Bridal Veil Stinkhorn

Phallus indusiatus growing on the roadside.

Seeing a beautiful photograph of this fungus over on the Blog Dadirridreaming written by Christine Whitelaw, I remembered that I had also photographed a large group of these, typically tropical rain forest species, growing on the roadside in Trinity Beach, Queensland, Australia, several years ago. It was a cultivated patch with shrubs and a layer of bark litter on the ground. A hose pipe was in position to automatically water the area.

I was amazed to see these strange phallus-shaped fungi growing in such profusion. Some were specimens fully emerged; and others were still in egg-like structures just protruding from the ground from which new specimens would soon emerge. The last photo (11) in the series of images in this posting shows a double-headed specimen.

These weird and wonderful fungi have been called many things – Bridal Veil Stinkhorn, Long Net Stinkhorn, Crinoline Stinkhorn, Basket Stinkhorn, Veiled Lady, and Bamboo Fungus ….but the Latin name for the fungus is Phallus indusiatus. There is a good and well-illustrated description of the species over on mysabah Blog published by Murphy .

Phallus indusiatus growing on the roadside.

Phallus indusiatus growing on the roadside.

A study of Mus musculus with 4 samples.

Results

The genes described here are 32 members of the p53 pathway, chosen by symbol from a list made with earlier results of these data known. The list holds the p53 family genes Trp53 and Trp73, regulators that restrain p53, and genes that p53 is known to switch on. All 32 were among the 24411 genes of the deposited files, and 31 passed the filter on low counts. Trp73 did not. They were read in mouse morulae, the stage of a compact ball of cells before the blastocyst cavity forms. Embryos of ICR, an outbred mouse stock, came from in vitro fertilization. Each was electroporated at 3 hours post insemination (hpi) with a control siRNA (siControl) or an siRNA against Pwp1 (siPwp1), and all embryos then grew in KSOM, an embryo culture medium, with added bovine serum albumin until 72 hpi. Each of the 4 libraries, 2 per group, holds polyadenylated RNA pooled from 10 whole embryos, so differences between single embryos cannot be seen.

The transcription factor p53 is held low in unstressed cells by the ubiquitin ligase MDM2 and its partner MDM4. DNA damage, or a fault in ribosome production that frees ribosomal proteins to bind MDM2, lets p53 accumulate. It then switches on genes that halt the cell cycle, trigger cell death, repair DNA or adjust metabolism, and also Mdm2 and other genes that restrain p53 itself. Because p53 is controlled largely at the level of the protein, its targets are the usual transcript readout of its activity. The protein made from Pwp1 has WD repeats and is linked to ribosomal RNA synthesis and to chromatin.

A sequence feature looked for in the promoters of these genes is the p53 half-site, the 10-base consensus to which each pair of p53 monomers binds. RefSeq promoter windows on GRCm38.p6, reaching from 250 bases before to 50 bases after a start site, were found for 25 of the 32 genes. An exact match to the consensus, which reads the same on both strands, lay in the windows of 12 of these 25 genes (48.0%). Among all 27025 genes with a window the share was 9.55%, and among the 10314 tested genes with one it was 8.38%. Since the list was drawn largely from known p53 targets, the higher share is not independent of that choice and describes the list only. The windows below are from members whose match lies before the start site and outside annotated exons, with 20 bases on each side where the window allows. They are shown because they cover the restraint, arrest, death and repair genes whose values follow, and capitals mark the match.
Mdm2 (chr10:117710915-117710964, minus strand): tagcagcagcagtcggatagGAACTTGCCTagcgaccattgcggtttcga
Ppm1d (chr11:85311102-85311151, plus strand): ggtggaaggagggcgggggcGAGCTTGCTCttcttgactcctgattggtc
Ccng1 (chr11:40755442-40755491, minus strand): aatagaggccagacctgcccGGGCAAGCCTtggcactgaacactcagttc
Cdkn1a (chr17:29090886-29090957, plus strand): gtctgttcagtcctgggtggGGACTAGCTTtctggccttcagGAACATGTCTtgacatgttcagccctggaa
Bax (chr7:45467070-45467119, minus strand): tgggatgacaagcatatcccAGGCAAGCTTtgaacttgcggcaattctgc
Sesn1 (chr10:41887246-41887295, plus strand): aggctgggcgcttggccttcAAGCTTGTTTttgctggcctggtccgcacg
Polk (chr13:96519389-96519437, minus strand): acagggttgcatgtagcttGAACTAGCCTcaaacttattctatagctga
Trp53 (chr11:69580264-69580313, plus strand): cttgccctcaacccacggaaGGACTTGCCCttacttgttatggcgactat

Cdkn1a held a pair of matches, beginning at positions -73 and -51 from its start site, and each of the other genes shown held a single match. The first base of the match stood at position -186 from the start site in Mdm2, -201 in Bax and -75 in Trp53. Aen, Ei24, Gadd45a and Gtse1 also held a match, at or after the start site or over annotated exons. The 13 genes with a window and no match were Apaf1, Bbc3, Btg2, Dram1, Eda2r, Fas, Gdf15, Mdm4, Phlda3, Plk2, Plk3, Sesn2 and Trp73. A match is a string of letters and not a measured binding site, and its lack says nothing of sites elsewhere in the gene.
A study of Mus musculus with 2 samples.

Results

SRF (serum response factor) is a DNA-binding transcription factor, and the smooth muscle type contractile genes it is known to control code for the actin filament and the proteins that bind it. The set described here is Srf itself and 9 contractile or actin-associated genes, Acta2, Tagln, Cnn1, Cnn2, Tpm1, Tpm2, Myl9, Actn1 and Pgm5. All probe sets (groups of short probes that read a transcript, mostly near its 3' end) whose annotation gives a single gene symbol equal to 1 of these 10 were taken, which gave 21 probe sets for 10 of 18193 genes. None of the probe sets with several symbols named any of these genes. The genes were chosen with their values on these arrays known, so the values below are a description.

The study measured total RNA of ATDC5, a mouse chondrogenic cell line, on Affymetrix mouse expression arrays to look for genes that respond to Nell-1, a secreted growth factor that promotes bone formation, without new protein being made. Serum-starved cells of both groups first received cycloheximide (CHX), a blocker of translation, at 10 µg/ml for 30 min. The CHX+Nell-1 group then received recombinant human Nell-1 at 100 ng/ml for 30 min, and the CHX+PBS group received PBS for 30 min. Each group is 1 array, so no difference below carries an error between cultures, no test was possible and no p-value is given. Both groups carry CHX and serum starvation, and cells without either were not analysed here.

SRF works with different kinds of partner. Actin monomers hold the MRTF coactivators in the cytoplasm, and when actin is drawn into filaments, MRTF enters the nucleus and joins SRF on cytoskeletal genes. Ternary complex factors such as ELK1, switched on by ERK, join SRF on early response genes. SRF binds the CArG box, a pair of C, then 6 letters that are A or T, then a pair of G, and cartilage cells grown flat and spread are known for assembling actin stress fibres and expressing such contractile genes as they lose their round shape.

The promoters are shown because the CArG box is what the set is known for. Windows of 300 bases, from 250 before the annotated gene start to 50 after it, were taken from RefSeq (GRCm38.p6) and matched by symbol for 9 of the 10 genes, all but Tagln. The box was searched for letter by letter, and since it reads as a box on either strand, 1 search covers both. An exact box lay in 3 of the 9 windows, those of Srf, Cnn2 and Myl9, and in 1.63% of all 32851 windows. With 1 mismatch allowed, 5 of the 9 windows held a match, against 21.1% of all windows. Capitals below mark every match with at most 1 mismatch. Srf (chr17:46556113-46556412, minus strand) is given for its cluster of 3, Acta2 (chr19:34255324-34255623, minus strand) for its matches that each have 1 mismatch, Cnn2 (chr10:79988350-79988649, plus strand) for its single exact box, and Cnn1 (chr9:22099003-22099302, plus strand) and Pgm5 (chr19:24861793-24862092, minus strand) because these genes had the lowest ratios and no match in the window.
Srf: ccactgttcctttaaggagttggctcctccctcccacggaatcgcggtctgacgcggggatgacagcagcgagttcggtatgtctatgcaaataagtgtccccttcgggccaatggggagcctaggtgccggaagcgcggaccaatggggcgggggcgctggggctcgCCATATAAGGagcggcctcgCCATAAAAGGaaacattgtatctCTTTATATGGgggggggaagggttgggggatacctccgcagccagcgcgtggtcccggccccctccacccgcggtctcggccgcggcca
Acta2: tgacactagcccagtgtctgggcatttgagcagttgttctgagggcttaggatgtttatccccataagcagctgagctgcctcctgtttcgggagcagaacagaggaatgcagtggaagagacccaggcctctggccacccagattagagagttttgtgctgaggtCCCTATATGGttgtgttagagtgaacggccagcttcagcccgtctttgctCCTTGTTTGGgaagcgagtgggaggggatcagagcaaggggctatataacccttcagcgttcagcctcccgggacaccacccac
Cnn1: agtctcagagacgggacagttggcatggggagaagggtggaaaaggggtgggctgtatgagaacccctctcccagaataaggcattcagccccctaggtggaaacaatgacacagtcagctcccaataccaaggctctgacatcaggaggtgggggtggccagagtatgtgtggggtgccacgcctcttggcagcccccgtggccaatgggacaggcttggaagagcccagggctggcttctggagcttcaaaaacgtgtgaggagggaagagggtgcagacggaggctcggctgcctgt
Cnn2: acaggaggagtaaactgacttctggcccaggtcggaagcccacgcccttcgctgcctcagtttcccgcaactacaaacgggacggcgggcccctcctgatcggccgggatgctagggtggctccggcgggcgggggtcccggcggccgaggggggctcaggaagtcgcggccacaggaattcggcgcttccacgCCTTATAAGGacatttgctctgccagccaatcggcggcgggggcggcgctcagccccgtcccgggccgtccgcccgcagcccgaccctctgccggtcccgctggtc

Phallus indusiatus growing on the roadside.

Phallus indusiatus growing on the roadside.

Phallus indusiatus growing on the roadside.

Phallus indusiatus growing on the roadside.

Phallus indusiatus growing on the roadside.

Phallus indusiatus growing on the roadside.

Phallus indusiatus growing on the roadside.

Phallus indusiatus growing on the roadside.


  1. Pingback: Wordless Wednesday | dadirridreaming

  2. There’s something quite expressive about these, difficult not to anthropomorphize them, especially when they’re all huddled together like that. Anyway, gorgeous photos, thanks for these.

  3. Thank you, Tentative Plant Scientist. I know what you mean. It’s easy to visualise all sorts of scenarios from these pictures of stinkhorns en masse.

  4. Yes, I’m English and I live in Dorset, England, but I spent six weeks in Queensland and took 8,000 photographs while I was there. I am only now able to sort through them and publish some on my Blogs.

  5. Thanks, Christine. I am retired now and can indulge my love of natural history and photography. My working life was as a research biologist, and I continue to study and learn every day.